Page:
Bear And Breakfast is a hotel management sim that plays like Animal Crossing. You gather resources every day, complete delivery errands, and build your Airbnb empire–all while playing as an adorable bear. The problem is that Bear and Breakfast lacks the relentless optimism of business sims while not delivering on any coherent critique about landlords either. As a result, Bear and Breakfast feels needlessly bleak about running a hospitality business despite the cheerful art direction.
In Bear and Breakfast, you play as a grizzly bear named Hank, who lives with his mother. One day, he discovers a shark robot that offers him the chance to become a small business owner. All he has to do is renovate some abandoned homes into bedrooms, bathrooms, and fun amenities. The robot tells him that he won’t be rich, but the process is a way of revitalizing the forest economy. And so Hank turns his fixer-upper projects into proper Airbnbs, hoping to fill the community with more humans than ever before.
Most of the game involves gathering raw materials such as lumber, nails, and sheets of copper. You use them to build rooms, create furniture, and restore local points of interest to their original state. Just like Animal Crossing, the bold and cartoonish art style is what makes doing chores everyday feel more satisfying than they have any right to be. But unlike Animal Crossing, you have to share a neighborhood with some truly frustrating neighbors.
Hank is just some kid who, until recently, was living in the woods with his doting mother. And yet half the residents of the forest are unnecessarily mean to him. Granted, part of the issue was that it took me a while to realize I wasn’t wearing pants, and some of the residents reacted negatively to that. And I would understand if it was just the weird possum or the alligator witch who were acting up against him, but even his friends love to make quips at Hank’s expense. So when every human guest who showed up would make terrified faces and run away from him, I had to assume the worst. No matter how much I did for my guests, they would never be able to accept this grizzly for who he was.
The humans’ emotional responses changed considerably once I realized that the pants were equippable clothes, rather than a quest item that I picked up too early. I made Hank put on some human clothes, and they started smiling at him. But my initial feelings towards the guests heavily influenced how I built my hotels. Each guest has personal preferences for how many “decoration” points their room had, but they didn’t care for how ugly or functional the layout was. Because they didn’t show any kindness towards Hank, I started seeing these drifters as nothing more than a source of income. I would give them the bare minimum amount of amenities necessary to earn their money, which meant that my cramped bedrooms had layouts that didn’t make any sense. Although you can move your windows and doors around whenever you want, you can’t actually change anything about the walls.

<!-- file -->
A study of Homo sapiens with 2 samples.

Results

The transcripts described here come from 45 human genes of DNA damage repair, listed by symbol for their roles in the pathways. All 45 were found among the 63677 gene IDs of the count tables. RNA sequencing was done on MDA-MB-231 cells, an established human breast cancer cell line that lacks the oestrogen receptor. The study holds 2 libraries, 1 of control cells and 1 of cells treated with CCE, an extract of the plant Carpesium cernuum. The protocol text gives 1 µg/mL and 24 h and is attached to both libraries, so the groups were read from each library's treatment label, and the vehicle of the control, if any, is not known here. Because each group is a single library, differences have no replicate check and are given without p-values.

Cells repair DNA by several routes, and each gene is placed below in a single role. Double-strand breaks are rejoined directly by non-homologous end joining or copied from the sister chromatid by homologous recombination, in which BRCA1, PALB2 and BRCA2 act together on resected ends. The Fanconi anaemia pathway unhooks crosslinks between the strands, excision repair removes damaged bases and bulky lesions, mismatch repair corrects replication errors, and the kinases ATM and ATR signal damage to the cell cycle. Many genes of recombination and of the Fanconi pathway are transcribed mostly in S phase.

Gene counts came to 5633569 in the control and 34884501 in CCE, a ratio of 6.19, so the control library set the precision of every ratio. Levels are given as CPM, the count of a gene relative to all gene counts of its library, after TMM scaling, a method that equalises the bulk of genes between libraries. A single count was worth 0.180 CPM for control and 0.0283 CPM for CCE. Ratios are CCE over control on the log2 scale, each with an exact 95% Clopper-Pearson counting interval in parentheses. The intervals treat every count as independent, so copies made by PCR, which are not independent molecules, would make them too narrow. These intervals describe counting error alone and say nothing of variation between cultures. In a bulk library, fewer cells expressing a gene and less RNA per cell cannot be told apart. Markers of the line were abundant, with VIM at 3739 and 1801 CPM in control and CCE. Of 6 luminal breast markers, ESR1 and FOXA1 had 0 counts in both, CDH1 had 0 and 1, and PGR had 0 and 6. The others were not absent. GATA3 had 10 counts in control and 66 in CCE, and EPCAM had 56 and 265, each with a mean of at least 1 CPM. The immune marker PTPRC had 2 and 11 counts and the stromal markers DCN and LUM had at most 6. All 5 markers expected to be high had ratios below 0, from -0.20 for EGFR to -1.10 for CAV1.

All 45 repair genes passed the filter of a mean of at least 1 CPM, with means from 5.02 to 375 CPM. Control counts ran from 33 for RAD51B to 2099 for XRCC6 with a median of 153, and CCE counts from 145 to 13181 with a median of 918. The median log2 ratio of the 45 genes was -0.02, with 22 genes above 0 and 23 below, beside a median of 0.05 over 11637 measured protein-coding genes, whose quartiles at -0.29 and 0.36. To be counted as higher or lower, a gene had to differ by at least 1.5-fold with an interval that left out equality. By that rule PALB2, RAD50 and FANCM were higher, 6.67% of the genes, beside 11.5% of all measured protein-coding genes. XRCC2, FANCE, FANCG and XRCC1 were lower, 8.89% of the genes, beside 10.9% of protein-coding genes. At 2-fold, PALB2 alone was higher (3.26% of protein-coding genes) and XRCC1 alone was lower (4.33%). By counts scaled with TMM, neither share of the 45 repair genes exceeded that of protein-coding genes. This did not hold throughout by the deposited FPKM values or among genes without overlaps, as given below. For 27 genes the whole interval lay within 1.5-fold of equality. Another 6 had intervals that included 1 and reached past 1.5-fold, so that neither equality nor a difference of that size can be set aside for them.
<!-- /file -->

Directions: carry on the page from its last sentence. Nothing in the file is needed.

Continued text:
So the gorgeous large bedroom that I built in my first hotel actually ended up costing me money. That room could have been three different money-generating hotel rooms if I was smart about it. For my next hotel, none of my bedrooms were as large as that one. I started raking in tons of cash, and I only felt slightly bad about it when I saw the humans sleeping in beds that took up the entirety of their tiny room. Hank doesn’t have any relationship with the customers. It’s just a bed and breakfast.
My negative feelings about owning a hotel chain compounded whenever I would talk to the robot who helped me set up the business. He would taunt me about giving the humans shoddy accommodations for a tiny fraction of the cost. Bear And Breakfast tries to sell players on a cozy vibe. So it feels jarring when the game constantly reminds players that capitalism is in fact a horrible hellscape while positioning Hank as the entrepreneurial hero of his community. A character would comment about the recent influx of humans, and the bear would puff his chest out with pride, or claim that he simply wanted to help. But who is he helping?
Is he really a hero for becoming a small-time landlord in a community that doesn’t really need hotels to survive? I don’t need a hotel sim to deliver some grand message about the nature of renting Airbnb rooms. Bear and Breakfast tries to make me feel like Hank’s endeavor is part of a positive turning point for the community, but there’s nothing that really suggests that in the game systems or dialogue. Nothing negative really happens either. The corporate robot’s dialogue starts to feel like empty taunting after a while. Especially once I read the same generic five star reviews on my business’ social media page.
The problem with Bear And Breakfast actually reminds me of another line of discourse that occurs relatively frequently in narrative design circles: Should a game reprimand a player for behaving murderously while not providing a pacifist route? My stance is “no.” If the game doesn’t provide Hank an ethical and emotionally satisfying way to run a hotel, then it needs to stop berating him all the time. It was incredibly annoying to rock up to the shark manager to turn in a quest, only to be treated to a lecture about how exploitative my business was. Yes, I’m a scumbag landlord. Now are you going to increase the amount of money that the guests will pay or not?
And there’s not really a real incentive to bring more humans to the woods. They deposit their money and trash, but the community is not really shown as that much better off for it. At best, they’re indulging in your weird social experiment. Hank ends up transforming the forest, but he’s the only person who interacts with humans or reaps the rewards of housing them in the forest. The local raccoon appreciates the trash that they deposit everyday, but I had to wonder: Is it worth it?